Tyneside, UK
2017 Nov 25
Saturday, Day 329

Maintained by:



















Initial Observations

Omid was launched late in the day 2009 February 2 UTC. Information on its transmission frequency began to circulate and on February 3, I made arrangements to monitor likely times during the day to see what turned up.

After some blank passes, I picked up Omid on rev 14 when its transmitter switched on shortly after 18:38 UTC. The plot below is a scan of the signal from that pass.

Omid First Signals

The start is sharply defined, as the signal switched on, and the multiple bands of signal show up well - note that not all are of the same strength. This is "Mode 1". To the ear, this signal is a 1 kHz tone. It carries no data.

The 'Reverse-S' shaped curvature of the lines is due to the Doppler effect. On the plot, time runs horizontally - increasing towards the right. The vertical scale is frequency and the units are Hz.

Sven Grahn of Sweden logged signals on this pass too.

Second Pass - Rev 15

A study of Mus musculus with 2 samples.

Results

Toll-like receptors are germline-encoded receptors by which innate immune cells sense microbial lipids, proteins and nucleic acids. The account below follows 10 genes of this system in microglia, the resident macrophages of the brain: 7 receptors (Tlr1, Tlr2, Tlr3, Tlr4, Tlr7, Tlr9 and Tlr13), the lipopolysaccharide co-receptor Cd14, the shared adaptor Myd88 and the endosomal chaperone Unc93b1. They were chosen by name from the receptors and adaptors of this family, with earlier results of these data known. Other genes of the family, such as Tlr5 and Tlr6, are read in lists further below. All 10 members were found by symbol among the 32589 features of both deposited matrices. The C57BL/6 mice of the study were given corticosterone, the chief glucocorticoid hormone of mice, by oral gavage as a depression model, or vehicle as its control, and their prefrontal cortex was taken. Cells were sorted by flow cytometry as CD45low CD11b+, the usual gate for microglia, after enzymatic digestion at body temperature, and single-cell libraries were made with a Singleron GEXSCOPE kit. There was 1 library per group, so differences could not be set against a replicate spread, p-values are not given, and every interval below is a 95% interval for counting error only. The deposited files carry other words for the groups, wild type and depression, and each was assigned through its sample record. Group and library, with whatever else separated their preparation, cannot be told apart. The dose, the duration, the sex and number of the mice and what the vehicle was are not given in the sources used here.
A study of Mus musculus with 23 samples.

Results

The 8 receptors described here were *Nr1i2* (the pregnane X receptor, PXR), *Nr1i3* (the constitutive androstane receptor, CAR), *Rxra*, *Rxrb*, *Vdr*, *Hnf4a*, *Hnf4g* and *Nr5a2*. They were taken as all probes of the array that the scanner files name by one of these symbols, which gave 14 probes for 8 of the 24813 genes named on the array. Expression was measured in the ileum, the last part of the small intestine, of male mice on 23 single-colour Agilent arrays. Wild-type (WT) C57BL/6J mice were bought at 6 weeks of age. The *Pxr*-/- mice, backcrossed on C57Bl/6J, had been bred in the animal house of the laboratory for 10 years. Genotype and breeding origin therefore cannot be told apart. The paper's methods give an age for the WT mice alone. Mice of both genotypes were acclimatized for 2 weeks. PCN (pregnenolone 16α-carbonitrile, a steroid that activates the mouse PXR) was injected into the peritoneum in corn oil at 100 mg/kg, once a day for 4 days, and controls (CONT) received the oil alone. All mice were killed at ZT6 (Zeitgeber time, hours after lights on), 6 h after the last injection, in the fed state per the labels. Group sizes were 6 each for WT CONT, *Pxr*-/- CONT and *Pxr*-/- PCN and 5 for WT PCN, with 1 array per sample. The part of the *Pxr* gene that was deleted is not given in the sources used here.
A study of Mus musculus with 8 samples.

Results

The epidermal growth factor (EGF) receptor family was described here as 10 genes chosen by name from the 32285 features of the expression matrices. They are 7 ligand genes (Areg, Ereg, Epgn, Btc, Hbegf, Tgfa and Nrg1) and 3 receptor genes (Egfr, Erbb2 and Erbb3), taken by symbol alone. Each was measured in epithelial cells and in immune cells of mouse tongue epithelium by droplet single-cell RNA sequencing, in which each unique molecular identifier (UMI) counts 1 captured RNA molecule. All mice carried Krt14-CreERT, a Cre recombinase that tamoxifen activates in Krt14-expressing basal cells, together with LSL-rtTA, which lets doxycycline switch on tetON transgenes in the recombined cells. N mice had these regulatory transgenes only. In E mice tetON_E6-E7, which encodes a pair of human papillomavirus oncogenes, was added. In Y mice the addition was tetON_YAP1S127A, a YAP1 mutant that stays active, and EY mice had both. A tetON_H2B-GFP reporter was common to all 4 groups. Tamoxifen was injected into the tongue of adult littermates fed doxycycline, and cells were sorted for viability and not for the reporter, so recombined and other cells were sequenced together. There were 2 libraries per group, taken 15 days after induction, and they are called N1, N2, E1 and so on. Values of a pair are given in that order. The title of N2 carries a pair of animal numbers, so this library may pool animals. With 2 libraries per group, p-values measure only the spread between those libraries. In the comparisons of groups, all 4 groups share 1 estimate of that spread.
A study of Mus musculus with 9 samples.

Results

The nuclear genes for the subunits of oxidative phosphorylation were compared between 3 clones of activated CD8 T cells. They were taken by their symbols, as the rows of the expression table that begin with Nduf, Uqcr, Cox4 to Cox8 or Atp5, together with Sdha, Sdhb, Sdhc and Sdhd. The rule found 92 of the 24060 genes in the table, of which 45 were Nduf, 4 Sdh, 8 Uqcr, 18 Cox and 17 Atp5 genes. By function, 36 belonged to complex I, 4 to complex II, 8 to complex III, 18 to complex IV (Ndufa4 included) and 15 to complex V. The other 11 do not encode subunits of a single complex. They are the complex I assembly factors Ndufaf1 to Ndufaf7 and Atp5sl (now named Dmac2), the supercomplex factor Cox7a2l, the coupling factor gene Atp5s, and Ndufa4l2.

The next pass, on rev 15 - starting shortly after 20:11, was also visible from the UK but the signal was different. Here, the pass was observed as transmitting from horizon to horizon, and the structure of the sidebands is different from the previous rev. This signal carries data and is referred to as "Mode 2".
Omid Rev 15

In both cases, the track was taking Omid away from the UK towards Iran, although the second time, the subsequent track did not pass within direct reach of Iran.

Observations from South Africa

On February 4, Greg Roberts observed signals on revs 24 and 25. As with the UK observations, the satellite passed by and then headed along a ground track that took it across Iran. In Greg's case it was northwards up the east coast of the African continent. Greg observed the same patterns of signal as seen from Europe. First, there was a pass displaying the Mode 1 transmission format, and then it was followed by a pass in Mode 2 format.

Fill In

The obvious question is whether the transmission is continuous around the whole circuit of the Earth between the pair of transmissions. In the case of the morning transmission observed from South Africa by Greg Roberts, the answer is plainly "No".

By good fortune, a fourth observer is located on the island group of Hawaii in mid-Pacific. Richard Flagg's location is such that Omid passed over him between the passes observed from South Africa. A check showed no transmissions present. This indicates that Omid was switched on near South Africa, headed towrds Iran and was switched off sometime before reaching Hawaii. It was then switched on again before it reappeared over South Africa. After passing over Iran again, it was switched off before reaching Hawaii.